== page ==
In this week's special in-depth look into UK equities, four experts tell Investment Week why investors need grit and steely determination to weather this sector's two major headwinds: Brexit and Covid-19.
Rachel Reutter, co-manager of the JOHCM UK Opportunities fund
"When the facts change, I change my mind" is a quote commonly attributed to the legendary economist John Maynard Keynes. This is sound investment advice at a time when we are experiencing events that none of us have witnessed before.
The changing ways in which consumers, companies and governments operate requires the mental agility to challenge long-held convictions.
The outlook for some sectors and companies, such as airlines or office property companies, has become bleak or at best, unknowable. Being able to admit where the facts have changed for the worse and implement a sell decision is vital for protecting client capital.
Calmer periods will eventually come after this storm, but it is important to avoid the boats that sink while the storm is blowing.
On the positive side we know that for every loser in life, there is often a winner, and we believe there are some fantastic UK large-cap businesses that are positioned to benefit from the new environment.
Here are five factors we think investors should consider as we move forward in the 'new normal' and try to find those companies that will deliver long-term capital growth:
The strong get stronger
The UK has plenty of best-in-class businesses with large market shares, levers to pull (thanks to characteristics such as high margins and strong cash flows), solid balance sheets and the ability to take market share on the other side of this crisis.
Homeserve is on track to double its profitability in the next five years due to investment in new geographies and in building the leading trade search platform, Checkatrade.com.
Sage has invested heavily in cloud technology and as an enabler of remote working practices, meaning its double-digit revenue growth should accelerate.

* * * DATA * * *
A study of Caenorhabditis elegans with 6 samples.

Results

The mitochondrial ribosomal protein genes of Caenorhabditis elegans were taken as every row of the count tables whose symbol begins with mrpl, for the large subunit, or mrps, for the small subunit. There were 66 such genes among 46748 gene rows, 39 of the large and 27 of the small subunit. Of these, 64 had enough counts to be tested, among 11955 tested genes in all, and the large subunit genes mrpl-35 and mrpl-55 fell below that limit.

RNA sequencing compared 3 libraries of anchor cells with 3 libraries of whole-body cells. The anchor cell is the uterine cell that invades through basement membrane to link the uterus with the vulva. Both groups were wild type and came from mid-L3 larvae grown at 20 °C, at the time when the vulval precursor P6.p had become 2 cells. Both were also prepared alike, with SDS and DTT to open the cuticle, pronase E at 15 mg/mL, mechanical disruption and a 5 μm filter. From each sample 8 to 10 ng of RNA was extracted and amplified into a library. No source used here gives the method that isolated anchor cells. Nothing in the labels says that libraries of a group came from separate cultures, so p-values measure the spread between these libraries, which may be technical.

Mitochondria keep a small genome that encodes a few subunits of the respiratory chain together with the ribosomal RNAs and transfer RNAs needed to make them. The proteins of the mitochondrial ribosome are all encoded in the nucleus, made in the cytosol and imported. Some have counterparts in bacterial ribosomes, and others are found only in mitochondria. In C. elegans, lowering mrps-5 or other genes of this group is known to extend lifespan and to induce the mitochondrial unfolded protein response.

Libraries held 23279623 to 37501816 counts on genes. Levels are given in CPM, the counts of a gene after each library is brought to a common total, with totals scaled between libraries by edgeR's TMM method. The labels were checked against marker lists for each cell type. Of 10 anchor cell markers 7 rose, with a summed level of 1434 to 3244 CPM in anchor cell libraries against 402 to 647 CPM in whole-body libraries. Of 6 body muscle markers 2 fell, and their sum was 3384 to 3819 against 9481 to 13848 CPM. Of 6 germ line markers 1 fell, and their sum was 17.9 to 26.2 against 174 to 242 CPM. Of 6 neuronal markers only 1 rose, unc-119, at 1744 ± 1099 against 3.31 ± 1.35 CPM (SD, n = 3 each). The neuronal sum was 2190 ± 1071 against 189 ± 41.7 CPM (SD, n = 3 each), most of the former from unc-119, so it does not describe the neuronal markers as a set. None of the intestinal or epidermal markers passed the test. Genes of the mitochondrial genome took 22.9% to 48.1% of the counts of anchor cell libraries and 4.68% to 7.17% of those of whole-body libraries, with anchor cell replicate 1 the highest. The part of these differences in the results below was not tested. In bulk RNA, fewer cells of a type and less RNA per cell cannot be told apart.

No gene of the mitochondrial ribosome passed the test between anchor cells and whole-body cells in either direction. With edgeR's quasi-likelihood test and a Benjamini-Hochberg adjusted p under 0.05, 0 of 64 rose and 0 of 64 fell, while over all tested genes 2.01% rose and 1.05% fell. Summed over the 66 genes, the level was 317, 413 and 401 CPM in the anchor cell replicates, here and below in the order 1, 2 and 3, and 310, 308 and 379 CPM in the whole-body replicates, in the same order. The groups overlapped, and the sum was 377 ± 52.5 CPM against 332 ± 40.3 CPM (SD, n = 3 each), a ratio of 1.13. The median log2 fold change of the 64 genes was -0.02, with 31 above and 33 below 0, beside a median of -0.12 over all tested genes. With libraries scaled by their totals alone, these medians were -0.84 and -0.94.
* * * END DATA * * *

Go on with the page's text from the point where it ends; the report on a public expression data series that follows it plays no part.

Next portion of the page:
After years of investment in technology and distribution capabilities, Next has transformed itself into the UK's leading online clothes retailer, with 88% of profit now coming from online.
We expect the trend of smaller retailers migrating onto Next's online platform to continue in the coming years as they struggle with higher operational costs.
Seek out structural shifts
When the near term is so volatile and uncertain, identifying sustainable structural change is key to protecting and growing capital.
One of the largest changes in recent months has been the enormous role the government has taken in dealing with our economy and lives.
Years of austerity have hollowed out western governments and this is now being reversed with capabilities being rebuilt and governments turning to the private sector to find solutions.
Serco is a company at the heart of this trend, where organic growth has accelerated from 6% last year to a current rate of 14%, in part due to Covid-related projects.
Intertek now runs the world's largest network of testing and certification for businesses that need to prove they are compliant with Covid-19 prevention measures.
It also plays a key role in supply chain audit, which is an increased focus for governments and consumers. Meanwhile, in the utilities sector, SSE will benefit from fiscal policy initiatives that governments are using to deliver growth and a greener economy.
Britain can generate more energy from offshore wind than Saudi Arabia can generate from its entire oil reserves, and SSE is the UK market leader.
Diversity of cashflow
Investors should consider larger conglomerates over smaller, domestic companies that rely on one product or geography. A diverse set of cashflows means that if one product or region hits the rocks, the business can rely on other unaffected divisions for its survival.
Companies such as RELX can cope with a downturn in its exhibitions business because its three other divisions, largely based on recurring subscriptions, have remained resilient.
GlaxoSmithKline stands out with its leading position in the global vaccine market, already vaccinating some 40% of the world's children.
However, this is just one capability in a portfolio of hundreds of individual drugs that create resilient cashflows for investors.
Unilever sells 400 brands across 190 countries and can therefore withstand a change in regulation in one country or weakness in a product line.
Debt is more toxic than ever
Corporate debt has risen to extreme levels (see chart above). Many companies that look cheap on short-term 'value' metrics have balance sheets that will not withstand another downturn.
Balance sheets must be repaired and those companies whose cashflow will be absorbed by debt repayments will not be able to invest for growth.
Reputation matters, and those who have behaved responsibly before and during the Covid-19 crisis are likely to be rewarded.
Companies that did not treat customers, suppliers or employees fairly during the pandemic may suffer the consequences for years to come. Governance and incentives need to be focused on long-term strategy rather than short-term outputs.
Too many UK companies reward short-term outcomes where results can be manipulated, such as growth in earnings per share or where management have no control, for example, with short-term relative share price performance.
We continue to argue for and back those companies with more balanced measures such as organic growth, return on capital, stakeholder satisfaction and balance sheet strength.